Request Review of draft-ietf-rift-rift-04
Requested revision 04 (document currently at 20)
Type Early Review
Team Security Area Directorate (secdir)
Deadline 2019-03-22
Requested 2019-03-03
Requested by Jeff Tantsura
Authors Tony Przygienda , Jordan Head , Pascal Thubert , Bruno Rijsman , Dmitry Afanasiev
I-D last updated 2019-04-11
Completed reviews Secdir Early review of -04 by Scott G. Kelly (diff)
Rtgdir Early review of -06 by Russ White (diff)
Genart Early review of -08 by Robert Sparks (diff)
Secdir Early review of -08 by Scott G. Kelly (diff)
Opsdir Early review of -08 by Nagendra Kumar Nainar (diff)
Rtgdir Early review of -08 by Jonathan Hardwick (diff)
This is to request an early review.
RIFT is an entirely new protocol, designed from scratch, I assume we will have many iterations to get it to the level that would make security folks happy.
Assignment Reviewer Scott G. Kelly
State Completed
Request Early review on draft-ietf-rift-rift by Security Area Directorate Assigned
Reviewed revision 04 (document currently at 20)
Result Has issues
Completed 2019-04-11
I have reviewed this document as part of the security directorate's ongoing
effort to review all IETF documents being processed by the IESG.  These
comments were written primarily for the benefit of the security area directors.
 Document editors and WG chairs should treat these comments just like any other
last call comments.

The summary of the review is ready with issues

From the abstract, this document outlines a specialized, dynamic routing
protocol for Clos and fat-tree network topologies.

(should that read CLOS?)

Following is a brief summary of comments and questions by section.

5.4.1 includes this sentence:

   The most security conscious operators will want to have full control
   over which port on which router/switch is connected to the respective
   port on the "other side", which we will call the "port-association
   model" (PAM) achievable e.g. by pairwise-key PKI.

What is "pairwise-key PKI"?

Secion 5.4.2 says "Low processing overhead and efficiency messaging are also a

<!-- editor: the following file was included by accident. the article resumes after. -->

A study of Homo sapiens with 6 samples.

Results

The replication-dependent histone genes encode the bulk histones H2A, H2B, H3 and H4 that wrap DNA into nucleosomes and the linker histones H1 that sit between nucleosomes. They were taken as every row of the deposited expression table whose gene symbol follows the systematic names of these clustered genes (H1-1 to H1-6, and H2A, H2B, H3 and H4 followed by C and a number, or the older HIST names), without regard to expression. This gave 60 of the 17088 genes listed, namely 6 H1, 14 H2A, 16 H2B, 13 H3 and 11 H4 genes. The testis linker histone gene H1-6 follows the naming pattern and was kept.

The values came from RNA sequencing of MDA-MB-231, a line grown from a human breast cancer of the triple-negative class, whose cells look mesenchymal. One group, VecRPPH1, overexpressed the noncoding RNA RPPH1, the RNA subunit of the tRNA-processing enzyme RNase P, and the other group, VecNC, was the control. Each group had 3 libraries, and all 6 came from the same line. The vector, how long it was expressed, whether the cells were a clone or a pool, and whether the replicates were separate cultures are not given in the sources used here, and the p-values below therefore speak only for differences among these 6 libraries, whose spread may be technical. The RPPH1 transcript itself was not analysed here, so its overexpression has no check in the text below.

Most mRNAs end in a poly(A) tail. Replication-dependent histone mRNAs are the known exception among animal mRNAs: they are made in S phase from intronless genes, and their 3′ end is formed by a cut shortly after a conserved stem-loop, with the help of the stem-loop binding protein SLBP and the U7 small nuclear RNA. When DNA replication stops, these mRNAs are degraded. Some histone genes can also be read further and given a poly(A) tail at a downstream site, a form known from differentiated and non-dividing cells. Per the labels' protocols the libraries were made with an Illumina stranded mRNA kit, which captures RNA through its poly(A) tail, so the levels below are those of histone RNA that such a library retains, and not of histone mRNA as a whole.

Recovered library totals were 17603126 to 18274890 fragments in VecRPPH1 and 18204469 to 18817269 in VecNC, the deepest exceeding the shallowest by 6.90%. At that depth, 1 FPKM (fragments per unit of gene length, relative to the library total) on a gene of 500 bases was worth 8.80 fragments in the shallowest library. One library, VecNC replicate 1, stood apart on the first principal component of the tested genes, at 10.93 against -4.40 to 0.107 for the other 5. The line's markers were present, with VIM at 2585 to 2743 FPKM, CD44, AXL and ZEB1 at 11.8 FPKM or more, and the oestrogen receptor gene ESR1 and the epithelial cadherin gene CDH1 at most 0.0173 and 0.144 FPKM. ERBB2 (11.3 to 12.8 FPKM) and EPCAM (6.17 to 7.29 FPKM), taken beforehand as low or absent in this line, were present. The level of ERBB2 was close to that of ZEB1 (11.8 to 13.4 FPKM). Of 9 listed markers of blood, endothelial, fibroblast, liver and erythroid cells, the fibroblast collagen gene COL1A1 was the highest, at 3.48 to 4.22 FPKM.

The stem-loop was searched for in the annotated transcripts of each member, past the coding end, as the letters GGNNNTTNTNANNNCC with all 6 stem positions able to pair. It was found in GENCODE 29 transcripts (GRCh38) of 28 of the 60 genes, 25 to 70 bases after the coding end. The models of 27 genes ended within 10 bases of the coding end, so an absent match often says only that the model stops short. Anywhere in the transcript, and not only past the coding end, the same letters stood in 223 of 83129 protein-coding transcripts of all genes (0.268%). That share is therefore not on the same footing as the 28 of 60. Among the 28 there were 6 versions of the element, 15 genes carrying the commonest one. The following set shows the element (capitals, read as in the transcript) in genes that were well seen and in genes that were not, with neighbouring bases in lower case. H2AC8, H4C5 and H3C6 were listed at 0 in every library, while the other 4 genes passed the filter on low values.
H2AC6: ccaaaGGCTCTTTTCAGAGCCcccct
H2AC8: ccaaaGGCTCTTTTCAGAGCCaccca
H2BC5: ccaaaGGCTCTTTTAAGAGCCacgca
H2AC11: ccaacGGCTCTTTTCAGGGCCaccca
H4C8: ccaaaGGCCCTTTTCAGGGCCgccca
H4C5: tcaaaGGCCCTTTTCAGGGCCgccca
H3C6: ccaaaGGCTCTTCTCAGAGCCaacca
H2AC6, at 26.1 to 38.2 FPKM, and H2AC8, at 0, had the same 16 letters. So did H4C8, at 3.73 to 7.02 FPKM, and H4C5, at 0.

I suggest replacing efficiency with efficient

It also says "Message privacy achieved through full encryption is a non-goal"

I suggest saying "Message confidentiality is a non-goal" instead.

Section 5.4.3
"Length of Fingerprint:  8 bits.  Length in 32-bit multiples of the
      following fingerprint not including lifetime or nonces.  It allows
      to navigate the structure when an unknown key type is present.  To
      clarify a common cornercase a fingerprint with length of 0 bits is
      presenting this field with value of 0."

Does length 0 mean no fingerprint is present (i.e. fingerprints are not
provided)? I don't understand that last sentence.

The definition for "Security Fingerprint" includes this sentence:

"If the fingerprint is shorter than the significant bits are left aligned and
remaining bits are set to 0."

I don't understand this sentence. I think you mean that if the fingerprint bit
length is not an even multiple of 32, then it is left-aligned, and the
rightmost unused bits are set to 0. But that's just a guess.

"Any implementation including RIFT security MUST generate and wrap around local
nonces properly"

I see the term "nonce" used elsewhere, but because it can wrap (and therefore
repeat with regularity), I think this is a poor choice for naming this field.
It seems to be more of a counter. I think most security folks would agree that
a nonce used for security purposes should, by definition, repeat only with
negligible probability.

On a related note, does this really provide anti-replay protection? Elsewhere
in the document (e.g. section 5.4.4) it says that implementations could go up
to 5 minutes without incrementing nonces. Can they send multiple packets with
the same nonce during this interval? If so, what prevents replay of a captured
packet within that interval?

Also, because wrapping (of this 16 bit value) is supported, it's also possible
that an earlier packet could be replayed (assuming the peer nonce also
aligned), right? The odds of this seem low, but could the protocol/endpoint
states be manipulated to improve the odds? Not sure. But if you are assuming
this can't happen, this security-relevant assumption should be called out.

5.4.7 says

   "If an implementation supports disabling the security envelope
   requirements while sending a security envelope an implementation
   could shut down the security envelope procedures while maintaining an
   adjacency and make changes to the algorithms on both sides then re
   enable the security envelope procedures but that introduces security
   holes during the disabled period."

Aside from the fact that this needs word-smithing, should this be called out in
the security considerations section? This eeems to be saying that it's not a
good idea to temporarily maintain adjacency while disabling security, so is
this a SHOULD NOT?

section 8.4
flodding -> flooding

section 8.4 also says

   It is expected that an
   implementation detecting too many fake losses or misorderings due to
   the attack on the number would simply suppress its further processing.

what are "fake losses"?

I am not a routing expert, so there may be additional concerns that someone
better versed in routing would raise.